As part of its growth strategy, chip giant Intel (NASDAQ:INTC) is betting big on its non-volatile memory solutions group, or NSG for short. This segment, the company says, "offers Intel Optane and Intel 3D NAND technologies, which drive innovation in solid-state drives (SSDs) and other memory products."
At its recent Data-Centric Innovation Summit event, Intel said that it sees the total addressable market for non-volatile memory being worth $75 billion by 2022. The company had previously told investors that it expected the total addressable market for non-volatile memory products was set to grow to $55 billion by 2021.
NSG's main customers, Intel explains, "are enterprise and cloud-based data centers, users of business and consumer desktops and laptops, and a variety of embedded and Internet of Things applications providers."
Last quarter, Intel's NSG generated about $1.08 billion in sales, growing nearly 23.5% year over year. This, according to Interim CEO Bob Swan, was "an all-time revenue record." NSG is also Intel's third-largest business by revenue (albeit a distant third), after its data center group (DCG).
Although this business is now fairly large and has been growing quickly (sales grew about 36.6% in 2017 and were up more than 21% in the first half of 2018), the segment hasn't turned in a full year of profitability since 2015.
|NSG operating income/(loss)||($260 million)||($544 million)||$239 million|
Let's take a closer look at what's going on and when investors should expect the segment to start contributing to, rather than detracting from, Intel's bottom line.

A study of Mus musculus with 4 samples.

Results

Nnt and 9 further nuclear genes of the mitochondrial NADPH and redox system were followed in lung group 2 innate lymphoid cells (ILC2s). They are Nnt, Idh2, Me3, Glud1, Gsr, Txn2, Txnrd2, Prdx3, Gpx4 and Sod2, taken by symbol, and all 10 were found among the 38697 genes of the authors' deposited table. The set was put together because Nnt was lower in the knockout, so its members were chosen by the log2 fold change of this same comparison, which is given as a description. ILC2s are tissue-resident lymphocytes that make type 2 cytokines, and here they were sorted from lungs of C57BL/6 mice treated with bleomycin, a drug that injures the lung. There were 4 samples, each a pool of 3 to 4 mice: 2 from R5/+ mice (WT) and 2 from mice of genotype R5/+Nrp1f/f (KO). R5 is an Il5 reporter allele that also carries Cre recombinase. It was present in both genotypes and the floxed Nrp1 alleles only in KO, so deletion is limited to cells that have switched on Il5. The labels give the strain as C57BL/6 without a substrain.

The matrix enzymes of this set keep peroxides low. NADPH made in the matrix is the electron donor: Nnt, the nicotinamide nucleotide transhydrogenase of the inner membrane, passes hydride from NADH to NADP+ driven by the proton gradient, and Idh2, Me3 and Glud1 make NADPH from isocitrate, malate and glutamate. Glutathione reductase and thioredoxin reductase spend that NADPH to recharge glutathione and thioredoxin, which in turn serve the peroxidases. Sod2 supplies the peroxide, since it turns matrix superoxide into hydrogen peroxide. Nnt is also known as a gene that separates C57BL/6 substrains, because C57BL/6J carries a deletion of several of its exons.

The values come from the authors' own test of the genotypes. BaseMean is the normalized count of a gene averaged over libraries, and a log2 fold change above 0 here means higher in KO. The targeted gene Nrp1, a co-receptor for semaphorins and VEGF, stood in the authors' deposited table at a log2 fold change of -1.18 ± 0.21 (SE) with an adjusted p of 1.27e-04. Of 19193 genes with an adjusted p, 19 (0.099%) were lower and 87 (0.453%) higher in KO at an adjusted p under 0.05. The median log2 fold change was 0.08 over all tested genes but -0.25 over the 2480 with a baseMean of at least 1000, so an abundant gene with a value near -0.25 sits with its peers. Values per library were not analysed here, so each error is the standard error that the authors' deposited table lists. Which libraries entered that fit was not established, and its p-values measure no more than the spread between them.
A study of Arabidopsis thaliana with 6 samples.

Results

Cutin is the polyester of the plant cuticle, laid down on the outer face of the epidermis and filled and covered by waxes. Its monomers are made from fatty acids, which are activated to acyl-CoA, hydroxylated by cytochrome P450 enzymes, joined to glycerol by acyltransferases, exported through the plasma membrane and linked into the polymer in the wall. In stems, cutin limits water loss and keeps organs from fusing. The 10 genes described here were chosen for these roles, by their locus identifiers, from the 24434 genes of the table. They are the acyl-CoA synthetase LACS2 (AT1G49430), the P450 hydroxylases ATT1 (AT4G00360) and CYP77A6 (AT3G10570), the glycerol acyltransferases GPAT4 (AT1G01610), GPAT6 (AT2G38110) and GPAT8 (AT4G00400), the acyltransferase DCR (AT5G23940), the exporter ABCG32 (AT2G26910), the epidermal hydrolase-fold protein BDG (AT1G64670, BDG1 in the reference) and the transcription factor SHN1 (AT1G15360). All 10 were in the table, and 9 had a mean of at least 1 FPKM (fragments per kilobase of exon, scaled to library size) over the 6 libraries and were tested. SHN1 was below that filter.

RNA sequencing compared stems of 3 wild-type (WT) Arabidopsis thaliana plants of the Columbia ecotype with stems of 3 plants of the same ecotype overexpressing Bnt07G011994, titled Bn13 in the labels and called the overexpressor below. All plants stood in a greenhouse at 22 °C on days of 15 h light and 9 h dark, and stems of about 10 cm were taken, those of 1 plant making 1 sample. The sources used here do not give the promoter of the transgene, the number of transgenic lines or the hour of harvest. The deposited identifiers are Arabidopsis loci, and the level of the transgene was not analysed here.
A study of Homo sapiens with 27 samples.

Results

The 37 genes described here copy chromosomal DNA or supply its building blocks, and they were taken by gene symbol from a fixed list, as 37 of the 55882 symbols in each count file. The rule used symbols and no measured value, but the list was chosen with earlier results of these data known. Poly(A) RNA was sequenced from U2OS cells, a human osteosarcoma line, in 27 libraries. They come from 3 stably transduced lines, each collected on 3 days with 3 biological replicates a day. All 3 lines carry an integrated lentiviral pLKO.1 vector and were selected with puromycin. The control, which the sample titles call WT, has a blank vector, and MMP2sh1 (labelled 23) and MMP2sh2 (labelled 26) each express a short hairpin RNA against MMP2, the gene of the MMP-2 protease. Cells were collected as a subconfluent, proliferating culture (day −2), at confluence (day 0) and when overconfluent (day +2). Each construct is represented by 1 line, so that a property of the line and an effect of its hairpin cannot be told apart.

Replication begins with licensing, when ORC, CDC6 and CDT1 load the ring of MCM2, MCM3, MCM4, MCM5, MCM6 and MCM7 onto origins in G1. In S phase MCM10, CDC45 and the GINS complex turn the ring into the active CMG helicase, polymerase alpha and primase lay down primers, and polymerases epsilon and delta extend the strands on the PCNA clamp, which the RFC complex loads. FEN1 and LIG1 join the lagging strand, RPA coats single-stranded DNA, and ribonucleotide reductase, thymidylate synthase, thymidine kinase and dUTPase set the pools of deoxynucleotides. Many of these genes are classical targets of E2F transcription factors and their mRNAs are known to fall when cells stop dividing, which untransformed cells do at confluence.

Loss narrowing, profitability for 2018
Last quarter, NSG lost $65 million, a narrowing of the $110 million loss that the business saw in the same quarter a year ago. Intel said this operating loss reduction came "as [Intel's] triple-level cell (TLC) NAND and 64-layer product lines continued to ramp, driving higher unit sales and lower unit cost, which more than offset the decline in [average selling prices]."
In the first half of 2018, this segment lost $146 million, a $93 million improvement from the $239 million operating loss that it suffered in the first half of 2017.
Intel had previously committed to NSG achieving profitability for the entirety of 2018, something that Swan reiterated on the company's earnings conference call in July.
"We expect the memory segment to have full-year profitability in 2018, as we scale revenue and transition a higher percentage of our [production] output to cost-effective 64-layer 3D NAND [flash]," Swan explained.
Now, Intel hasn't specified the magnitude of the profitability that investors should expect from this segment in 2018. (Intel generally doesn't guide operating income by segment.) However, for NSG to be profitable for the entirety of the year, it'll need to generate more than $146 million in operating profit in the second half of 2018 -- a dramatic improvement from the performance that it turned in during the first half of the year.